Prashant Magar
Ethernet is a standard application used for linking computers in a Local Area Network (LAN).
Ethernet has an amazing data handling speed and is the most commonly used networking protocol worldwide. From an initial 2.9 Mbits/s it has been increased to around 400 Gbits/s. If you have to communicate, you use a local dialect to convey your message. The language you use has certain words, expressions, or your own set of jargons for you and your group.
Similarly, computers on a local network have a standard set of communication and tools that foster exchange of information. This standard is in use for many local area applications worldwide, which we refer to as Ethernet protocol.
Ethernet was originally developed by Xerox PARC (Palo Alto Research Center) in 1972. Later on, it was jointly developed by Digital Equipment Corporation, Intel, and Xerox in 1980.


This network technology comprises of many nodes, hubs, switches, bridges, routers, network interface cards, servers, and many interconnecting cables. It was originally developed as a broadcast medium using coaxial cables. It was standardized with a new set of parameters, enabling a faster, efficient, and a widely accepted format.
It is incorporated in the IEEE standard of networking protocol, which defines the various rules for a local area connection. There are several standard layers defined for a communication process.
The basic layer of this process is the physical layer, which deals with the actual connectivity between two communicating interfaces. An Ethernet standard is a set of all the rules and the physical devices, comprising a physical layer of a protocol. Here are its various components.
★ Ethernet Cable: It can be simply called a wire, which carries electrical signals from one computer to the other. These cables are classified into different categories depending on the type of application. Certain categories of cables and their usage are as follows:
Category 3 or Cat 3 cable- It is used for a 10Mb speed Ethernet and voice transfer.

Cat 5 cable
- This is used for either 10 or 100 Mb Ethernet. Another version 5E is used for gigabit Ethernet, which is faster and reduces cross-talk. It can handle speeds of 10 or (100 or 1000) Mb.
Cat 6 cable- This is a slightly advanced version of 5E and works for 10 or (100 or 1000) Mb.
Cat7 cable- Also called the Class F cable, it is the latest, and a fully shielded cable used for technical applications. The most commonly used, however, is the 5E cable.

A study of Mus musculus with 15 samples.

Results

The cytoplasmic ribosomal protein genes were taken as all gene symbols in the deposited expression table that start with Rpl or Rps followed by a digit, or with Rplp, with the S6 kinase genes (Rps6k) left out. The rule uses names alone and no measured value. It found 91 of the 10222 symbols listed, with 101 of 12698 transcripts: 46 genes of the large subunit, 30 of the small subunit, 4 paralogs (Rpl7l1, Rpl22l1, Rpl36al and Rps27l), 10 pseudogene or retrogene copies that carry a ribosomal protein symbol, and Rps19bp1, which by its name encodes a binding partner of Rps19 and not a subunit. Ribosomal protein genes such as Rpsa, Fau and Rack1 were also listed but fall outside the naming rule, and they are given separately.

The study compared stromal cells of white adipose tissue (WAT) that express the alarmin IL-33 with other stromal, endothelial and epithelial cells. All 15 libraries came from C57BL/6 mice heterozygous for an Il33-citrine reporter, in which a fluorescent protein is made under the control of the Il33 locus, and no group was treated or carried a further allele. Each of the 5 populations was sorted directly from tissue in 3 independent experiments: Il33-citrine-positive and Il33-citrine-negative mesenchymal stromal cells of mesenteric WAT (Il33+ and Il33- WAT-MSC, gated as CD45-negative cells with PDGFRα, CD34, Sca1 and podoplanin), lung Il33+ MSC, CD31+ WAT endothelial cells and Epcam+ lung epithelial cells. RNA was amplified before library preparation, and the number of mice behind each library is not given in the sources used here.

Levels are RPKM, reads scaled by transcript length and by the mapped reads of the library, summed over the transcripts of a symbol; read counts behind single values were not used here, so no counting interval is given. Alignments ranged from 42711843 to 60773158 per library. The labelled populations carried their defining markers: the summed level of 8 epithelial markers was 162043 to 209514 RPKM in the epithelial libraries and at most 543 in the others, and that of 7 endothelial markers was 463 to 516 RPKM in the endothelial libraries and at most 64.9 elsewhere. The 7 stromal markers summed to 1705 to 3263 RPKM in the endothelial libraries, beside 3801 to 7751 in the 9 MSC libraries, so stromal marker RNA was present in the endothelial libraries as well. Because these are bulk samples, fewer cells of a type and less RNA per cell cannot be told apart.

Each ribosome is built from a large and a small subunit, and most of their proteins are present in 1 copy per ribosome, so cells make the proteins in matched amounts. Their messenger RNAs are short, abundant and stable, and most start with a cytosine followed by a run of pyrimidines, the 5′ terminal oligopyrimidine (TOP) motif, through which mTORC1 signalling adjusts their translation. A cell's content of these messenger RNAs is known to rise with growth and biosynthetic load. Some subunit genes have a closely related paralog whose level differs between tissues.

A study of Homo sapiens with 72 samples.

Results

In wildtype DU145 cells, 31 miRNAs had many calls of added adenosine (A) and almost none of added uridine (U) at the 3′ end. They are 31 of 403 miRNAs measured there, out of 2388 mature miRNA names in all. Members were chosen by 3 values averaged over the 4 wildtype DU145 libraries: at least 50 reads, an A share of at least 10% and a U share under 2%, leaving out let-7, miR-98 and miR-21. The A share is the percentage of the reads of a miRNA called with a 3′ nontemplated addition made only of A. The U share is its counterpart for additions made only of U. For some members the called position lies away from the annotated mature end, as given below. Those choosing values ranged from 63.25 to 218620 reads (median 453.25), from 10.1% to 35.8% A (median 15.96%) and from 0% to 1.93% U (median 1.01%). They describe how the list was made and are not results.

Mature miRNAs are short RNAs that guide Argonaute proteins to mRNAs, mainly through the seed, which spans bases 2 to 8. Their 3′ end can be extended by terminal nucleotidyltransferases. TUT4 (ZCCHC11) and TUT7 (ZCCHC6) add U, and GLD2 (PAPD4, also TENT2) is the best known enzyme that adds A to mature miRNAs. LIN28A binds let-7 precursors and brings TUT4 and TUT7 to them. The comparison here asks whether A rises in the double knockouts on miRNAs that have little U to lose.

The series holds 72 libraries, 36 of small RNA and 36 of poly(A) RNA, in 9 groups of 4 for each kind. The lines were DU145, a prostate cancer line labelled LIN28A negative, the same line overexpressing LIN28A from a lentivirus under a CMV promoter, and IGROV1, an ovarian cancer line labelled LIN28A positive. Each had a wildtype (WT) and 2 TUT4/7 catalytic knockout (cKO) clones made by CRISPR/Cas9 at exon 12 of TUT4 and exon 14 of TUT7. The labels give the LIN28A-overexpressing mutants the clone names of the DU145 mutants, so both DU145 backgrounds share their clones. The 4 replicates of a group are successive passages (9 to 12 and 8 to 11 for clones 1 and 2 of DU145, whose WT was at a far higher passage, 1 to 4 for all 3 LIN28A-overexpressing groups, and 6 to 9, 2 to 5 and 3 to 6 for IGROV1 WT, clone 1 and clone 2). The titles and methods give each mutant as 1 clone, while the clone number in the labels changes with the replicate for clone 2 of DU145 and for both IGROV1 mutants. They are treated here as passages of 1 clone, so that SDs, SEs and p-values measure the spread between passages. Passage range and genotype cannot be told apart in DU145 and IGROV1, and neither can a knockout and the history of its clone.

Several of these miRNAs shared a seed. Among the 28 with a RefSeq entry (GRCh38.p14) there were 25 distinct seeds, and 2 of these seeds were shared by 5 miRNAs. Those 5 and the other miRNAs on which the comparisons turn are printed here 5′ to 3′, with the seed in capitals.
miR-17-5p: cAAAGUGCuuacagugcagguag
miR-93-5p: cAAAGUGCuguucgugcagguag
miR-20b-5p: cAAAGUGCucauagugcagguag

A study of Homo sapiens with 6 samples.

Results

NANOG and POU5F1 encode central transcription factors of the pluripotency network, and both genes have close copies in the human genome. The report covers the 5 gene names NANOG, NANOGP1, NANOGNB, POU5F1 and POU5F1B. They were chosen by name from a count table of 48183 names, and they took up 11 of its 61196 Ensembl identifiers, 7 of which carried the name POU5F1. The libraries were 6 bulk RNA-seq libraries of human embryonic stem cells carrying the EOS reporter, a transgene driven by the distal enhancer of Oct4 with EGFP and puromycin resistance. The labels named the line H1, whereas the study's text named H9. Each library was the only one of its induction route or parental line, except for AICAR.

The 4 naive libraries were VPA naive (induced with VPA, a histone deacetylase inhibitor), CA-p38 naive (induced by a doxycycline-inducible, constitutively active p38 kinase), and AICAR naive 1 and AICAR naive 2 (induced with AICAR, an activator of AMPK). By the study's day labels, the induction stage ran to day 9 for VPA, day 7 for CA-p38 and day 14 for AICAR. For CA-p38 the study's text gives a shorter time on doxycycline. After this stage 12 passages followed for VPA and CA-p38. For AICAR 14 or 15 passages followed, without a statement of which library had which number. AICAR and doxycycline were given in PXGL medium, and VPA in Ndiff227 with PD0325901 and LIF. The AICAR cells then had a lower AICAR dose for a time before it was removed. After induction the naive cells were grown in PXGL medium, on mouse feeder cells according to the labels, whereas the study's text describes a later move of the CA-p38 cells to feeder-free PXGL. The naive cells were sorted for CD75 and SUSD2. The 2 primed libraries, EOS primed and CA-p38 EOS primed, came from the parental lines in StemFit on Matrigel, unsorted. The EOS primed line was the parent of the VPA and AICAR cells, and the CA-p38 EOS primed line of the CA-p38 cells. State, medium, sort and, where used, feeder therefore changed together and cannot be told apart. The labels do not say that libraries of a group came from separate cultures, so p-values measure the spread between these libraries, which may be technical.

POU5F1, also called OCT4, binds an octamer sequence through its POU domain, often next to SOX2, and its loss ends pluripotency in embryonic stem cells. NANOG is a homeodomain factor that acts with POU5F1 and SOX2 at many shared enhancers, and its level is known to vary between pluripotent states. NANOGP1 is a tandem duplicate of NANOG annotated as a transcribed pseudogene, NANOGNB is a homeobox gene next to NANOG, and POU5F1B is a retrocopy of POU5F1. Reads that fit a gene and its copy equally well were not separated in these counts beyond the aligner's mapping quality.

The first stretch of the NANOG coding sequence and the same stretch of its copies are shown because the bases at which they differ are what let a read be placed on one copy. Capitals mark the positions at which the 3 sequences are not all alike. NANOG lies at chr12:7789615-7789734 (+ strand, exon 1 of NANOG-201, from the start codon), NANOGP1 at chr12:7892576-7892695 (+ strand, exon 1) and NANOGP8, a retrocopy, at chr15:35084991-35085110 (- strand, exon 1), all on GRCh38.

★ Hubs: It is the intermediate connecting mechanism that connects two or more stations (computers, printers, and so on). It has multiple terminals that carry cables in and out to various destinations. A hub can only work in linking just one computer to the other, at a time.
In case of multiple access demand, or if several computers are sending or receiving messages together to a single system, there is a collision of signals. Although a hub can detect such collisions, it cannot pass the information simultaneously to multiple ports. It can send data to different ports at a time but cannot receive it from the same.
★ Switches: A switch is a scaled up version of a hub. It divides the given LAN into different segments and streamlines the flow in and out of different ports. In short, it allows signals from multiple ports and transfers it to another set of ports without interference or collisions.
★ Router: It performs the functions of a hub and a switch, along with additionally providing interconnectivity between the two sub-networks, a network, and a local station or firewall for securing LAN. It acts as a gateway for communication between two networks or a network and a single domain.
★ Ethernet Card: It is also called a network adapter that is used to handle the network traffic flow in and out of a computer. It controls all the aspects of computer networking with external mediums.
All these devices are a part of this larger functioning protocol. It lays down the framework of all networking, which is carried out with the help of these devices. It does have brought about a streamlining and standardization of global communication.